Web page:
You’ve said your “I dos,” mailed thank-you notes and enjoyed some “we time” on your honeymoon. Now for some more fun: deciding how to spend the pile of money you got from generous wedding guests.
Generally, gifts can range from $50 to more than $150 per wedding guest—one survey pegged the average wedding gift amount at $160—meaning you might have a serious chunk of cash on your hands. Here’s your four-step plan to spending it wisely.
Just got the final bar tab from your reception? Put your honeymoon hotel on plastic? “If you’ve gotten a windfall of wedding cash, it’s a good idea to pay off debt that you may have run up while planning the wedding,” says Certified Financial Planner Steven Boorstein of RockCrest Financial in Franklinville, N.J.
Unlike many other financial decisions you’ll make together that require conversation and compromise, this is an easy place to start. After all, you racked up the bills together—pay them off quickly and start your marriage with a clean state.
How much you save depends on the rest of your financial picture. Debt-free? Aim to put three to six months’ worth of basic living expenses in an emergency fund. If you have high-interest debt and lack a safety net, try to set aside at least $1,000, which is likely enough to cover a deductible or small repair, as you pay off debt. Once it’s wiped out, you can resume saving.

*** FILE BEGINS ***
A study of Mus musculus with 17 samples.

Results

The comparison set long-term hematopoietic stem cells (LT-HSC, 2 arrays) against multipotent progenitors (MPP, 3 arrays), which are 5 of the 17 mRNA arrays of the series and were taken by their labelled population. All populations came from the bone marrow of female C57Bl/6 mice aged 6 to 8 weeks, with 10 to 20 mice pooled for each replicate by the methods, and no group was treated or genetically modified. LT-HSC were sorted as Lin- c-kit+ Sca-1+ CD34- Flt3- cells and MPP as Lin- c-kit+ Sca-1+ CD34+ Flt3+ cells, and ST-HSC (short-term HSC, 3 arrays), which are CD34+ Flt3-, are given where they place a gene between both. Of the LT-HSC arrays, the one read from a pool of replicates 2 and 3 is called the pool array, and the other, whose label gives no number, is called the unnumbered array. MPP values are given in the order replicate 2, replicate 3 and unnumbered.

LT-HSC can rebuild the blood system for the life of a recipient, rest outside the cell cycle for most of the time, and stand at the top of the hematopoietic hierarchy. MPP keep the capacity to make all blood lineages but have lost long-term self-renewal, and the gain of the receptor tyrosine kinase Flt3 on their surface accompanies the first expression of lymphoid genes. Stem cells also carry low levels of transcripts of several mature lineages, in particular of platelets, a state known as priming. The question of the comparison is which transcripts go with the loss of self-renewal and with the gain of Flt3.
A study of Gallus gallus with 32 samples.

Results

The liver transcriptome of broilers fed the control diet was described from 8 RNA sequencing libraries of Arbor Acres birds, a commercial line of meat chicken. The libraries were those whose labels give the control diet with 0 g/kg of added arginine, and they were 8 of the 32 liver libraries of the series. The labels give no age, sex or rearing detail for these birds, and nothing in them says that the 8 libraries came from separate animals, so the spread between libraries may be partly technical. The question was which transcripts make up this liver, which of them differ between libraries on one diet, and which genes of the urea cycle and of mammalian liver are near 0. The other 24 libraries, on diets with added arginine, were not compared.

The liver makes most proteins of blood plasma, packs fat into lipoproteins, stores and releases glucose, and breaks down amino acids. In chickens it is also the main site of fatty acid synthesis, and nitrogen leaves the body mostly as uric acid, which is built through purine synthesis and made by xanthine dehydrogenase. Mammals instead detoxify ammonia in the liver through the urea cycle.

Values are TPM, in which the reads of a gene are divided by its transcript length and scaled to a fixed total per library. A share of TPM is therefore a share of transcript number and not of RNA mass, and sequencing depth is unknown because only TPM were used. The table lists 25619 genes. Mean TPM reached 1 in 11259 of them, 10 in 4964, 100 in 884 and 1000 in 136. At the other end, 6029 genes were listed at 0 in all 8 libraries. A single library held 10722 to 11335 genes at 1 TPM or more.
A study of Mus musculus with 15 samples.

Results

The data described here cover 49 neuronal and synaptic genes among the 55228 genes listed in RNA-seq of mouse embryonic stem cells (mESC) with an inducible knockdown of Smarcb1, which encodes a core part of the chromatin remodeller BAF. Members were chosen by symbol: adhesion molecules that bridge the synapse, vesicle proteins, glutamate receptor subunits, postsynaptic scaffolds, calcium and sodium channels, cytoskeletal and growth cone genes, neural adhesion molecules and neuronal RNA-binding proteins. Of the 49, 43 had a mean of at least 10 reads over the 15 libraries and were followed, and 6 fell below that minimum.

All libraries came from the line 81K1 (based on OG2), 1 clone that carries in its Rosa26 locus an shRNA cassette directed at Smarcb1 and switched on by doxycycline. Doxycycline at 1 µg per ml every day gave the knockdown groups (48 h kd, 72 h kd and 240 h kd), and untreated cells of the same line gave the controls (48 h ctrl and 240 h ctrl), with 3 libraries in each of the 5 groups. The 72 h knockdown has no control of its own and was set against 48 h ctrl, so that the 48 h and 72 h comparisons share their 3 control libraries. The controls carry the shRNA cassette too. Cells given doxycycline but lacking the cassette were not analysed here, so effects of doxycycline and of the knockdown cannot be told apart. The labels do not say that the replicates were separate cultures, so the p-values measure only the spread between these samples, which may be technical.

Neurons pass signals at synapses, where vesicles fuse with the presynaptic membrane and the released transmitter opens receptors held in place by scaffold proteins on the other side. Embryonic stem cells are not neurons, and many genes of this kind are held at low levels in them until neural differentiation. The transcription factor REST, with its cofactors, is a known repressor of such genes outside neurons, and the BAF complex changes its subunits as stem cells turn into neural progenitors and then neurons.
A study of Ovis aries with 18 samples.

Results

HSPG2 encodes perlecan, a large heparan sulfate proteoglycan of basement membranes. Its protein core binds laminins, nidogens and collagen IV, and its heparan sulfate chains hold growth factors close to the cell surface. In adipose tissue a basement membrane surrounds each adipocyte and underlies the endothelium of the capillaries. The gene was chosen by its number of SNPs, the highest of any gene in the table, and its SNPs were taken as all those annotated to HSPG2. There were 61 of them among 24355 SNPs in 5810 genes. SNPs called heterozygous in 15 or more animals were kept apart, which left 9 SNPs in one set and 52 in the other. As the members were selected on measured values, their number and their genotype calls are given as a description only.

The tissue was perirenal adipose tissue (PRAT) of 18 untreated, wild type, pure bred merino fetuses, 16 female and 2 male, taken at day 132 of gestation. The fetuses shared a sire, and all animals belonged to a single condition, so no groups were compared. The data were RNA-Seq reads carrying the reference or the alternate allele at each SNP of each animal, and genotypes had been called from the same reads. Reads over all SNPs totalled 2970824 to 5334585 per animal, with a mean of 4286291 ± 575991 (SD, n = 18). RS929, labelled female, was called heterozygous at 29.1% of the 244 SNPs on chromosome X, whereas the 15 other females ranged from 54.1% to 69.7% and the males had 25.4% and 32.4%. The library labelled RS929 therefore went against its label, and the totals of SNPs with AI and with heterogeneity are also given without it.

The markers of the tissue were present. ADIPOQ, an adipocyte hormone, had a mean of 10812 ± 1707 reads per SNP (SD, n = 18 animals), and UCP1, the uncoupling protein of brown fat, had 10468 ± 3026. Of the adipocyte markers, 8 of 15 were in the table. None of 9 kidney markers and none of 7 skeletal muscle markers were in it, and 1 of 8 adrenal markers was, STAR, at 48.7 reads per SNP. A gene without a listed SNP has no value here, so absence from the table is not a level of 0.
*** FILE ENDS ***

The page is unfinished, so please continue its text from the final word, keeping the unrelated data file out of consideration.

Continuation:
“Nothing feels worse than starting to make a big dent in debt, then all of a sudden your central air conditioner goes and you have to put money back on the high-interest credit card you were just paying down,” says Boorstein.
No matter who racked it up, tackling debt is now a shared responsibility. “Even if the debt existed before you married, excessive interest charges can have an effect on your combined monthly cash flow and lifestyle,” says Certified Financial Planner James Matthews of Blueprint, a financial planning firm in Charlotte, N.C.
Decide as a couple whether you’d rather eliminate a few small balances entirely—which may be the more motivating approach—or apply a lump sum to the debt with the highest interest rate (as it costs you the most). The most important thing is to pick a plan that works for you, and stick with it.
Still have some cash left? Dream up a few shared financial goals—whether it’s to max out a retirement account for the first time, buy a home or make it to your next family reunion—and get a head start on them, Matthews says. (You can split your money across different savings accounts to jump start progress on several priorities.)
Not only does this move you closer to those goals, but it also creates a sense of camaraderie—and excitement for tackling more financial goals together.